Watching The Walking Dead on My Phone: Fans in the Digital Age

Just before the onslaught of midterms began, I noticed that Netflix added the third season of one of my favorite shows, The Walking Dead to its instant queue. I waited for months and endured plenty of conversations that threatened to spoil the season for me before I could finally watch it. And boy did I watch it, I went through the entire season in the less than a week! That is a lot of zombies. You might ask how I managed to accomplish such a feat. I can only attribute this amazing feat of round the clock viewing to my iPhone, which served as my anytime, anywhere zombie viewing machine. I watched on the way to class, while waiting for a meeting, while my roommates danced around getting ready to go out on Saturday night. I was hooked and it was all because I didn’t have to run home to my laptop. Before the advent of live-streaming technologies on smart phones, this wouldn’t even be possible. This, quite like Henry Jenkins’s example of shopping for a single function phone, is “a powerful demonstration of how central mobiles have become to the process of media convergence,” (Jenkins, 5). Jenkins talks about a digital revolution and that media convergence would mean in some cases that “old media would be absorbed fully and completely into the orbit of the emerging technologies,”(Jenkins, 5). This point is evident because as Jenkins quotes George Gilder, “the computer industry is converging with the television industry…” (Jenkins, 5), which applies to my ability to watch a television show on my laptop. With new live streaming technologies however, this convergence also applies to the convergence of the Internet and the television with the mobile phone. As Jenkins’s experience reflects, customers are no longer looking to buy a phone for its capacity to call other people, but to access the Internet, watch movies and television shows, and send messages back and forth. Smart phones are now less of a phone so much as a mini computer. While I’m grateful to the advancement in technology that allowed me to watch people kill zombies,  I can’t help but wonder what good a day or two in The Walking Dead universe might do to show everyone that our society is starting to define itself by our technological abilities.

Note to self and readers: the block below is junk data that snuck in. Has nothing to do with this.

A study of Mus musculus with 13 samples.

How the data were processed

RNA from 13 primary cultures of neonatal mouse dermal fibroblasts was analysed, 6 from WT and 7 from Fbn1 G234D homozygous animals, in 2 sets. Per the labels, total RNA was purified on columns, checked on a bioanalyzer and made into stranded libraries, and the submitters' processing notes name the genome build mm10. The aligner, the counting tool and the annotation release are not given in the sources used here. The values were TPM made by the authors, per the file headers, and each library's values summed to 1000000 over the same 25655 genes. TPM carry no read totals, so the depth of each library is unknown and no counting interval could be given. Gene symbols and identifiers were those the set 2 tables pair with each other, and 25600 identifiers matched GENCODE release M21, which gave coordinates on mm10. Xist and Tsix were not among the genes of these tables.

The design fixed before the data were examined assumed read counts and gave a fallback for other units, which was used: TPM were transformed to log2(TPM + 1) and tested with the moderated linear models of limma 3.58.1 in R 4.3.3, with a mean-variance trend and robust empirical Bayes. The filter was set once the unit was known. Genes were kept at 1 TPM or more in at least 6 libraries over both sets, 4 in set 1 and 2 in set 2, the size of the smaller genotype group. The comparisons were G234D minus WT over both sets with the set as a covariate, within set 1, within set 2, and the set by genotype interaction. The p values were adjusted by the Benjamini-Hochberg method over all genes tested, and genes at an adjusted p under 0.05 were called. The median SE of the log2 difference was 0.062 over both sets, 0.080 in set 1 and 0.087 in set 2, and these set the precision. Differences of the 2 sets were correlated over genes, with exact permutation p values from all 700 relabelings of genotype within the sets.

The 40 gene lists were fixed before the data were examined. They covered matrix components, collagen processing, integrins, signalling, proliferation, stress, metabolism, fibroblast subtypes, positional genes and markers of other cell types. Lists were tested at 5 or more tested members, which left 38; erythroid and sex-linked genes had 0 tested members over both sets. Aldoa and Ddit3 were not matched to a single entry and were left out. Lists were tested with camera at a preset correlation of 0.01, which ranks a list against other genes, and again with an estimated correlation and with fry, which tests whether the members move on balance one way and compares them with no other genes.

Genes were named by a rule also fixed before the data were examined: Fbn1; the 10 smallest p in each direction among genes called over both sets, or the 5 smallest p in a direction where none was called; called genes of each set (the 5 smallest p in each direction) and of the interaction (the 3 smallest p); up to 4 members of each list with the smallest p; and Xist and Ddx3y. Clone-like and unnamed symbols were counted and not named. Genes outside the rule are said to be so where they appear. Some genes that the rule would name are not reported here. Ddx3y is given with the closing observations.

Jenkins, Henry. “Introduction: Worship at the Altar of Convergence.” Convergent Culture. New York City: NYU Press, 2006.1-24. Print.


One thought on “Watching The Walking Dead on My Phone: Fans in the Digital Age

  1. I know that feel. I have a Walking Dead game/app for my iPad. It’s been highly distracting. The game is actually based off of the comic books, not the show itself. Perhaps Jenkins would appreciate AMC’s use of transmedia storytelling as much as we do.